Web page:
Software Tuning, Performance Optimization & Platform Monitoring
Discussion around monitoring and software tuning methodologies, Performance Monitoring Unit (PMU) of Intel microprocessors, and platform monitoring

Question about normal store and non-temporal store

New Contributor I

Hi all. I just come across this term, "read-modify-write", so I start to wonder that if every write to the memory is such a kind of "read-modify-write".

Say now I initialize a memory address in my DRAM and write a bunch of data to this memory address:


int NUM =  1000000000;

int * addr = (int*) malloc(NUM * sizeof(int));

for (int i = 0; i < NUM; i ++) {

       *(addr + i) = i;



When we write data to every single address (addr + i), will the CPU go this way: first, read the address from memory to the cache, modify the data in the cache, and then write the data to memory. In other words, every write is a "read-modify-write" if the address is not present in the cache (I assume there is no need to read if the data is already present in the cache).


And if I change the write to non-temporal write:

       _mm_stream_si32(addr+i, i);

will every single write incur a read by transferring data from memory to cache?

Many thanks for the help.


New Contributor I

Or, just wondering, if there is a way to control the cache write policy myself.

Black Belt

The "normal" store operations do perform a cache line read, a modification one or more bytes of the cache line, and a series of writebacks that eventually push the data all the way back to memory.  In this case the execution of these three components is uncoupled in time. (Execution is ordered, of course, but asynchronous.)   

Non-temporal stores have a different flow: the streaming store causes allocation of a cache line buffer to hold the data (not in the cache).  Multiple writes to the same cache line are coalesced into the buffer, until at some point the buffer is flushed.  This typically occurs when all 64 Bytes of the cache line have been written, but the flush can happen at any time.  The flush sends the data to main memory and invalidates the cache line address in any caches in the system.   If all 64 Bytes of the buffer have been written, the memory controller can simply overwrite the value in memory with the new data.  If the buffer has only been partially filled before being flushed, then the memory controller will internally perform a read/modify/write cycle to merge the new data with the original data in the byte positions that have not been modified.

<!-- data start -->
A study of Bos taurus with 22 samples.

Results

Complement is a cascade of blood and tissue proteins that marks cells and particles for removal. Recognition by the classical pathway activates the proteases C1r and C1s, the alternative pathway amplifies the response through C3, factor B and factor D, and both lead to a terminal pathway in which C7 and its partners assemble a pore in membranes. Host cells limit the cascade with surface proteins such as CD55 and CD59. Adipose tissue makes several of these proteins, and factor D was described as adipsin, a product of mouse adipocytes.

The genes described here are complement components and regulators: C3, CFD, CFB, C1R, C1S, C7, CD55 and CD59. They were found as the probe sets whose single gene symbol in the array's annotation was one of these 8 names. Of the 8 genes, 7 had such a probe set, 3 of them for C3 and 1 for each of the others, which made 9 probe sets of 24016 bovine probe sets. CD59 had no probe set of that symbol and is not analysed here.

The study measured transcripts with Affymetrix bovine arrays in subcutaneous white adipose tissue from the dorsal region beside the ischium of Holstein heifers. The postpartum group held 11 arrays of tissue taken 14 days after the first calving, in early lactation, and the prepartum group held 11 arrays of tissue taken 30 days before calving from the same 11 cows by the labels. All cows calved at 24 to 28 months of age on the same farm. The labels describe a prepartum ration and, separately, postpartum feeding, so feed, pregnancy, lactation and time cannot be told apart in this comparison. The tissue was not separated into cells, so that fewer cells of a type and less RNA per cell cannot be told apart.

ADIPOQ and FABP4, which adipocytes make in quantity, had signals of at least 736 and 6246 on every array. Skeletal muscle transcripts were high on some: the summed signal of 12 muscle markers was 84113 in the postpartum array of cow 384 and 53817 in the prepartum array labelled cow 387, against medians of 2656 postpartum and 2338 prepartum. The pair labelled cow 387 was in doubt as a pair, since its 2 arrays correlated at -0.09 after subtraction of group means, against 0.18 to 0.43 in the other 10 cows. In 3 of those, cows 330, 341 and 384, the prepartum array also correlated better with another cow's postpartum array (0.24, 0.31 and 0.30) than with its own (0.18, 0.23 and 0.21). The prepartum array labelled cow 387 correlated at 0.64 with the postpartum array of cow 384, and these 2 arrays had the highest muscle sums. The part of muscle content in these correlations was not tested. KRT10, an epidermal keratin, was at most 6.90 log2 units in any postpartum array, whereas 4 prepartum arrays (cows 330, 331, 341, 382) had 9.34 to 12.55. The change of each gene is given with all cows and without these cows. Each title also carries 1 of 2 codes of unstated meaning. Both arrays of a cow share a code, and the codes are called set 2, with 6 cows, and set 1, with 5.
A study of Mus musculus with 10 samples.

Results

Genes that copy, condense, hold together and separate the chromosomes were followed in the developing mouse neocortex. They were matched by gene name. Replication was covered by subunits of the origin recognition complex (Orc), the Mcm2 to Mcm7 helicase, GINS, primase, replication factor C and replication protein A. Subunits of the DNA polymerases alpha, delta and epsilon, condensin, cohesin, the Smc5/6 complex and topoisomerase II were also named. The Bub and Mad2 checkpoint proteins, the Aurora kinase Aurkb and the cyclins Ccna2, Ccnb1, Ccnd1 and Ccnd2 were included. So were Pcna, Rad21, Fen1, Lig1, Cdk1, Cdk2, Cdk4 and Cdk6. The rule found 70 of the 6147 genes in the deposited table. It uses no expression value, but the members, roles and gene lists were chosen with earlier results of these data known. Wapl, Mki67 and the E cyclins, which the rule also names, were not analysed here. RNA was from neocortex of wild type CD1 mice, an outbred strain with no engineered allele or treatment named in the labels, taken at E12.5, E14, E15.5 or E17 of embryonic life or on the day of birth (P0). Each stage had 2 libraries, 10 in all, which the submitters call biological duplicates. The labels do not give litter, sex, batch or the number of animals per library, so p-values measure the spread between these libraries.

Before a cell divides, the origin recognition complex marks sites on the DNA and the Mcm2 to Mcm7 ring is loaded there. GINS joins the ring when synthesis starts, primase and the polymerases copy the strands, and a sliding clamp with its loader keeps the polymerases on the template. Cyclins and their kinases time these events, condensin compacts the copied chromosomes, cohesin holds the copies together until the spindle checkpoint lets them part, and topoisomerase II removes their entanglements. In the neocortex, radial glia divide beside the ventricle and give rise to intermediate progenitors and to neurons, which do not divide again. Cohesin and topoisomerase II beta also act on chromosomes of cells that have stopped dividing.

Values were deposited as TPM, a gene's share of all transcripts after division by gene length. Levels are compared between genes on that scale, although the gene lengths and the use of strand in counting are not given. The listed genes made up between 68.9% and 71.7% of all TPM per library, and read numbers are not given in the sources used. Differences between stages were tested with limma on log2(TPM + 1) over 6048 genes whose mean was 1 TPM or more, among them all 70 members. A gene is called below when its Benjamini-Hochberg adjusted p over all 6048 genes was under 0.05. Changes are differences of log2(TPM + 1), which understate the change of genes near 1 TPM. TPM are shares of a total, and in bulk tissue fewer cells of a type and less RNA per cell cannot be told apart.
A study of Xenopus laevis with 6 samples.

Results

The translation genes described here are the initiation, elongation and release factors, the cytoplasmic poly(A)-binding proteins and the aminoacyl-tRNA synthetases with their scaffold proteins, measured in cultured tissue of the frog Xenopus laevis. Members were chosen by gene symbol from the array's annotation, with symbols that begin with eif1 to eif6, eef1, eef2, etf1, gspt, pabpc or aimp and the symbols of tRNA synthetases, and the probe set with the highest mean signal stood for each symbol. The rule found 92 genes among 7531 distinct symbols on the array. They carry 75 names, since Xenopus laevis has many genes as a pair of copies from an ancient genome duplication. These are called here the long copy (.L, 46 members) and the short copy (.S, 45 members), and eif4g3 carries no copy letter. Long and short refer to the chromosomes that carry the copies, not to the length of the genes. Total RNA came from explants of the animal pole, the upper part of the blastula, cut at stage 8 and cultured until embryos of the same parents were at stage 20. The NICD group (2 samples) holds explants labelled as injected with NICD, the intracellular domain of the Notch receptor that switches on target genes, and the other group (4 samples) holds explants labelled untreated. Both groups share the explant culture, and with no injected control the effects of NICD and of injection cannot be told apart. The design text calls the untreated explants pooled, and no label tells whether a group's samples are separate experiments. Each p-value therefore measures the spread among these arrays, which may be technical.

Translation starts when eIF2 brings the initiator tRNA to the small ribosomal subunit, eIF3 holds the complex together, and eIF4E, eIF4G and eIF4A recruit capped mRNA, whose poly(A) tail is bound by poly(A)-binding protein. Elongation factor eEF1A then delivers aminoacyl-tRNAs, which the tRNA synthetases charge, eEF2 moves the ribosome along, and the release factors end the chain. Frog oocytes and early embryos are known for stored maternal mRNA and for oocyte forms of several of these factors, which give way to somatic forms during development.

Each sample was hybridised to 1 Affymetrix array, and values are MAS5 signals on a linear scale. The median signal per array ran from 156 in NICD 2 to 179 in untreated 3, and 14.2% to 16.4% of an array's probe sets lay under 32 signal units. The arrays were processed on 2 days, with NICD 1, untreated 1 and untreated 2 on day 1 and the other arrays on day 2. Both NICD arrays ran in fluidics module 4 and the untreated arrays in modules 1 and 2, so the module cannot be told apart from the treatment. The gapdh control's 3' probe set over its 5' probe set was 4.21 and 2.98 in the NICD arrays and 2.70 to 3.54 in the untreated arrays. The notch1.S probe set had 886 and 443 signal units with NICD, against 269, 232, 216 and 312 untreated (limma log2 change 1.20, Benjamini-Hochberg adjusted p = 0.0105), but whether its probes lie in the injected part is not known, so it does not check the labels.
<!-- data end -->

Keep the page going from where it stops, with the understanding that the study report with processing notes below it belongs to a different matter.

The term "read-modify-write" usually refers to an operation with some level of atomicity, such as a locked fetch-and-add instruction.   This is more similar to the "normal" store flow, except that the cache line is "locked" for the duration of the operation so that no other core can access the line until the update is complete.

New Contributor I

Hi John, thank you for the reply.

I have no idea of the "cache line buffer" that you refer to. Where is it and what is the size of it? What is its relationship with the CPU cacheline? 


Thank you.

Black Belt

Non-temporal stores use the same functionality as the "write combining buffers" described in section 11.3 (especially 11.3.1) of Volume 3 of the Intel Architectures Software Developers Manual (Intel document 325384-073, November 2020), but allow that functionality to be accessed in the "WriteBack" mode of cache operation.

The high-level functionality of the non-temporal stores is also mentioned in section 11.5.5.

The size of the write-combining buffer for several different processor generations is listed in Table 11-1.

Intel Architectures Software Developer's Manuals are available via


New Contributor I

Hi John, just wondering the term "read/modify/write" you refered to for "non-temporal store"  happens in the memory hierarchy, or CPU cache hierarchy,  or other CPU internal buffer hierarchy?

Black Belt

If a write-combining buffer is flushed without being full, the core sends one or more transactions to the memory controller that define the bytes that need to be updated and the values of those bytes.  These transactions are not externally visible, so they are not publicly documented in detail (note 1).  The memory controller (or the DRAM channel controller in the memory controller) performs the read-modify-write cycle(s) (note 2).  The responsibility for ordering the associated coherence transaction (invalidating the cache line in all caches and waiting for confirmation of those invalidations) will likely be shared between the Home Agent and the Memory Controller (but may vary between implementations).


  1. A modest amount of information is available via the op-code filtering features described in the uncore performance monitoring manual for the processor family you are using, but it requires more than a little bit of microarchitecture experience and generally a fair amount of experimentation to understand this material.)
  2. The number of RMW cycles needed will depend on the pattern of modified bytes that need to be transferred from the core to the memory controller, the details of the transactions available for carrying the modified bytes from the core to the memory controllers, and (in cases requiring more than a single transaction) on the degree of pressure on the memory controller's internal write buffers.